Warning: this post may contain triggers for survivors of sexual abuse.
They told me the worst thing about giving my testimony in my sexual abuse case would be seeing him face to face in that courtroom.
They were wrong.
By far, the worst part was the pre-meeting with my team. District Attorney, Prosecuting Attorney, and Victims Advocate. Even with my husband by my side, holding my hand, the worst part, by far, was when I decided to read Stephen’s side of things. His evaluations. His statements. His arguments. His packet.
Legally, I had the right to read all of it. Pages of half-truths, lies. So many lies. I did it because I was getting nervous about speaking and figured it would help me solidify my resolve.
It was only a snapshot. Due to the statute of limitations, I was only able to press charges for a few short months of my nine years of sexual abuse. And I will never get to press charges for almost 30 years of emotional, spiritual, verbal, and psychological abuse. I get ‘justice’ for this tiny blip on a timeline.
“I told her I was sorry for a bad thing and she forgave me. I repented before the Lord. She never said she wouldn’t tell, but we had an understanding that we would never tell what we had done.”
Some psychologist somewhere had asked him why he never confessed. After reading those words, I was ready to go out into that courtroom and read every single syllable of my 9 page statement. Years and years of abuse.
“We had an understanding that we would never tell what we had done.”
Note the words ‘we had done’…classic Stephen. There were several remarks in that packet insinuating that it was consensual. Which, unbelievably, is still not even the craziest thing I read.
I don’t even remember this conversation, if it even happened. My brain locked everything away until I was thirty years old. And as my memories keep coming back for 20 months and counting, I know I’m not remembering everything.
I can’t explain the terror of not being able to know everything that has happened to me in my life. Most of my dreams are now nightmares. Trying to get away. Trying to get my kids away.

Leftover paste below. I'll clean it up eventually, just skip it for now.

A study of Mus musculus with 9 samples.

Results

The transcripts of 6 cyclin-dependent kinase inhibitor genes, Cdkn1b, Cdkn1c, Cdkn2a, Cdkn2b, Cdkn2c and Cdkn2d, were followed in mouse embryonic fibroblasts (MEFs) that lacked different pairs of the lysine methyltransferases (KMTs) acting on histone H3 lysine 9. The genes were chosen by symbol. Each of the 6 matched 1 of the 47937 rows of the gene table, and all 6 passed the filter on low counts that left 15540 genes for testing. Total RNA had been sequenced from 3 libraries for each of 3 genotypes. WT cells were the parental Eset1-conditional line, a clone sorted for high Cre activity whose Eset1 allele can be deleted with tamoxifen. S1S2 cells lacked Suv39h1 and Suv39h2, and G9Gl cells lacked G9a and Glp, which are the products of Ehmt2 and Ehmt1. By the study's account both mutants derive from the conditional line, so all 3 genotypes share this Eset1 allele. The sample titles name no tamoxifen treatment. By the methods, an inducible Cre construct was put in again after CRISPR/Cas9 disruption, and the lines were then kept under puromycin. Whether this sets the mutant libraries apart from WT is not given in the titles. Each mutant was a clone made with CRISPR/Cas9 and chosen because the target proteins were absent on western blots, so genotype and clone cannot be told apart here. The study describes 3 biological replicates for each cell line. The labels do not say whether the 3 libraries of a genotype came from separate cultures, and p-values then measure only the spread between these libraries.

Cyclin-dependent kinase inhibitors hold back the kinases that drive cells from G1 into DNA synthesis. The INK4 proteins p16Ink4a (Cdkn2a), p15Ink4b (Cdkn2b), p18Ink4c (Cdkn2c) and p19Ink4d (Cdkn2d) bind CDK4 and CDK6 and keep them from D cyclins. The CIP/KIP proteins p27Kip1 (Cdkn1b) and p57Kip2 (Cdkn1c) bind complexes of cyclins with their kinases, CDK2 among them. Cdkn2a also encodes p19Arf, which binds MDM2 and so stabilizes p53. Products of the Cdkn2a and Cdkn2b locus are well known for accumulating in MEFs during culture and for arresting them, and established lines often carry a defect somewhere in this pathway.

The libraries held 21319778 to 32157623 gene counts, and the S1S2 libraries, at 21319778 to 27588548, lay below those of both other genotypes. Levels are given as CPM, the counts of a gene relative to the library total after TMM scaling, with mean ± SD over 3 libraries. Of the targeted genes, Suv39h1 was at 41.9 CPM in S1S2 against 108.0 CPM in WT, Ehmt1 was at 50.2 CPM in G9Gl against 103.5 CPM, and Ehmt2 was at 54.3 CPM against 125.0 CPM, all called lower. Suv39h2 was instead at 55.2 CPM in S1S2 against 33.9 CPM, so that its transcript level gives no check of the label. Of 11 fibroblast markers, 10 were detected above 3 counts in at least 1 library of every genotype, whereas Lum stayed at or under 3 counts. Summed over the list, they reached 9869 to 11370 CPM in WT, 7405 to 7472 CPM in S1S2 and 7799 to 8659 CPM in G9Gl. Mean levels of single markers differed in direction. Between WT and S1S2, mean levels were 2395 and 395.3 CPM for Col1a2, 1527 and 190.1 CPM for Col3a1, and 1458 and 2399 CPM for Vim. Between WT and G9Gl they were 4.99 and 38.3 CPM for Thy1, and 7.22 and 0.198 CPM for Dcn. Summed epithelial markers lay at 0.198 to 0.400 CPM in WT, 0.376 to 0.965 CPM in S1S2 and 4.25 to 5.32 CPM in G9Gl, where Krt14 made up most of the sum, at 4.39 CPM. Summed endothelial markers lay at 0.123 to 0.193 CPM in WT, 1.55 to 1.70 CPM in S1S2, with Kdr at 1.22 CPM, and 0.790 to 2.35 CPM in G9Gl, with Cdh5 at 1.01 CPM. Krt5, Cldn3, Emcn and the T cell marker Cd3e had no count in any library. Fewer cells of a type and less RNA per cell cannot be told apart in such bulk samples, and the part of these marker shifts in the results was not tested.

But I have this recurring dream, since the hearing, that we are sitting somewhere. He talks to me about this understanding we supposedly have.
Even as he was on his way to prison, he was trying to implicate me in his crime. Not even calling it crime, but minimizing everything by using words like ‘sin’ and ‘mistakes’ and ‘misunderstandings’ and lies upon lies.
But I went out into that courtroom with the resolve I had hoped to find when I cracked open that stack of his ramblings and precise wordings. He tried so hard to say what he thought they wanted to hear. To say just enough for plea bargains. But holding back what would’ve filled books. That measly packet.
And I couldn’t get past this ‘understanding’…and I clung to that every time I thought about just having Dave read aloud my statement. Or giving copies of my statement to all the necessary people. Or just running. At one point, I thought, “Why did I wear heels? I can’t run in heels.”
As I kept swallowing vomit at that podium, I repeated to myself: “There is no understanding between us. No more silence on my part.”
Every time I thought about kicking off my shoes and just running, I remembered that lie: “We had an understanding that we would never tell what we had done.” So I kept telling. I kept talking. Reading. Flipping my own packet. A stack of truth. Every word was true.
I told everything that he had ever done. Everything I could remember. And the fear of what I can’t. I told it all with snot dripping onto the podium. I told it all with strangers from another case sitting in as observers. I told it all.
I stole two glances of him in shackles. Seeing him didn’t phase me. My victims advocate assured me he couldn’t hurt me, but I wasn’t worried for a second that he would try to do anything physical to me ever again. No, he’s moved on from that with me. He wants his victims much younger than his now 32-year-old daughter.
No, my fear was that he would somehow silence me.
I don’t regret reading that packet in the pre-meeting. It was the worst part of that day, but it was necessary. And it gave me the realization that I now have an understanding with myself: “I will always tell what he has done.”